Capped by strong viewership for the closing ceremony, the networks of NBCUniversal scored the most-watched TV event in U.S. history with their coverage of the Games of the XXX Olympiad.
The 2012 London Olympics reached 219.4 million Americans across NBC, NBC Sports Network, MSNBC, CNBC, Bravo and Telemundo, according to Nielsen data. That combined delivery exceeded the previous record, the 215 million who watched some portions of the 2008 Beijing Games.
During its first Olympics since becoming owned by Comcast and 13th overall, NBCUniversal, presented 5,535 hours from London across the aforementioned networks; NBCOlympics.com; two specialty channels, one for basketball, the other for soccer; and the first-ever 3D platform. Together, those platforms surpassed the total for Beijing by nearly 2,000 hours.
After initial forecasts calling for a loss approaching $200 million, an improved ad market for the London Games and a strong early ratings performance by the London action had NBCU officials revising their fiscal call for the 2012 Olympics to near the break-even level and perhaps finish in the black. The programmer, which spent $1.18 billion to acquired the rights from the IOC and another $100 million or more on production, has yet to officially declare its London ledger.
NBC notched an average audience of 31 million for the closing ceremony on Aug. 12, the most-for a non-U.S. Summer Olympics since ABC aired the Montreal Games in 1976. Sunday night's viewership topped the last night in Beijing's 27.8 million by 12% and the 2004 Athens Games' 19.6 million by 58%.
NBC's coverage of the closing ceremony from 8:30 p.m-10:58 p.m. ( ET/PT) earned a 17.0/27 national household rating/share, up 10% from Beijing's 15.5/25 and 43% from Athens' 11.9/20.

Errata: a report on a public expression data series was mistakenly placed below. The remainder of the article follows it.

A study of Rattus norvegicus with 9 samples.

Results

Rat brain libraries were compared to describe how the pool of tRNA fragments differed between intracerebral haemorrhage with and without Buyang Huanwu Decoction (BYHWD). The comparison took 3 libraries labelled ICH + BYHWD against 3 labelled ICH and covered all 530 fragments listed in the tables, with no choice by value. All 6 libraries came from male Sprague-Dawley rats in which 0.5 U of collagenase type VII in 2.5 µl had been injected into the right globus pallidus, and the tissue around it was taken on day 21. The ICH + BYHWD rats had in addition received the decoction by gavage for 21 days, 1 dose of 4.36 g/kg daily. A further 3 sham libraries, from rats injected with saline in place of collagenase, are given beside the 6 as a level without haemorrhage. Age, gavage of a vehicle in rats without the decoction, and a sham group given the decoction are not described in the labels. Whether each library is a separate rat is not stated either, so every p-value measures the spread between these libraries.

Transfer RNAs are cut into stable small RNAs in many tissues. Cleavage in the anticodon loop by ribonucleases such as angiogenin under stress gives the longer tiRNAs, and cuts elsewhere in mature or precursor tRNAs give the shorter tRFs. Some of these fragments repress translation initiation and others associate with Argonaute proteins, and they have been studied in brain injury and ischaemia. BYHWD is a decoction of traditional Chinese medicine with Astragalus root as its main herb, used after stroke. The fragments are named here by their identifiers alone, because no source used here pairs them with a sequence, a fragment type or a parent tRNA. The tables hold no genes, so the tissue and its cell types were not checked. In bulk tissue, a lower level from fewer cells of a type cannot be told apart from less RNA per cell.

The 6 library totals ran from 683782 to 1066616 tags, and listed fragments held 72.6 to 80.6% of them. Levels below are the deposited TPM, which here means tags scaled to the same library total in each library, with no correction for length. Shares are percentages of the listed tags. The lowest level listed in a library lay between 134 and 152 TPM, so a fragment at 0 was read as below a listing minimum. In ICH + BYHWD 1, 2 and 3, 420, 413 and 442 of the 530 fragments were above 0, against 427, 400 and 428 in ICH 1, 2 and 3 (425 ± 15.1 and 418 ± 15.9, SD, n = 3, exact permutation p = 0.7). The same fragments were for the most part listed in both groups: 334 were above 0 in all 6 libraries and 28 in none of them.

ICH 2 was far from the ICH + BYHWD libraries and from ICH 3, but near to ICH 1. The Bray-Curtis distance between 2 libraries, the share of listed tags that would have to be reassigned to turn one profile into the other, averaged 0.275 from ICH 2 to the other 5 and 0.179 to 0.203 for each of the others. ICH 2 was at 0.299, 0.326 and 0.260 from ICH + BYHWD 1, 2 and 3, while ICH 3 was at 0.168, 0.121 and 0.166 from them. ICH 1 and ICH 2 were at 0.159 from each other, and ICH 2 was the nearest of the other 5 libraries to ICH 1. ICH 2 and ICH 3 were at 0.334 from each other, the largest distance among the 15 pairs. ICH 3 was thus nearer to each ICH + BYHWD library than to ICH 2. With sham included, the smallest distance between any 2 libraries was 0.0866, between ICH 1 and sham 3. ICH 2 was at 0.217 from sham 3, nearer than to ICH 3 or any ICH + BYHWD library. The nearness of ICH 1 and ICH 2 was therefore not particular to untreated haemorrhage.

All told, NBC, which tallied nine nights from London above the 30 million-viewer mark, versus five for Beijing and two in Athens, averaged 31.1 million viewers over 17 nights in primetime, making it the most-watched non-U.S. Summer Olympics since 1976. The 2012 Games topped Beijing's 27.7 million and Athens' 24.6 million by 12% and 26%, respectively.
The London Olympics 17-night primetime household rating of 17.5/30 share tied the 1988 Seoul Olympics as the highest-rated non-U.S. Summer Olympics since Montreal. London's rating stood 8% higher than Beijing's 16.2/28, and 17% above Athens' 15.0/26, which marked the last European Summer Olympics.
NBC's primetime telecasts from London beat Beijing 16 out of 17 times, falling only on Aug. 4, night nine. During the comparable night from China, Michael Phelps won his eighth gold medal and Usain Bolt burst onto to the scene with a then-Olympic record in the 100-meter sprint.
London topped Beijing on 15 of 17 nights in household rating -- taking the silver on the aforementioned night and tying the 2008 competition on the 11th night, Aug. 6, with a 15.8 mark.
"The London Olympics was a wonderful 17 days for NBCUniversal, exceeding all our expectations in viewership, digital consumption and revenue," said NBCU CEO Steve Burke in a statement. "Every part of our company contributed to our success, once again showing how effective we can be when we all get together to support a large project. This was the first Olympic Games for Comcast and the new NBCUniversal, and the first in history in which every minute of every event was available live. We are proud to have been part of the last two weeks, and we couldn't have asked for a better start to our long run of Olympic Games through 2020."
Noted NBC Sports chairman Mark Lazarus: "For 17 days, NBCUniversal has surrounded the American viewer with the London Olympics, which have now become the most-watched event in U.S. television history. There are thousands of dedicated and talented people in London and New York who take great pride in being part of these historic Games and this television milestone."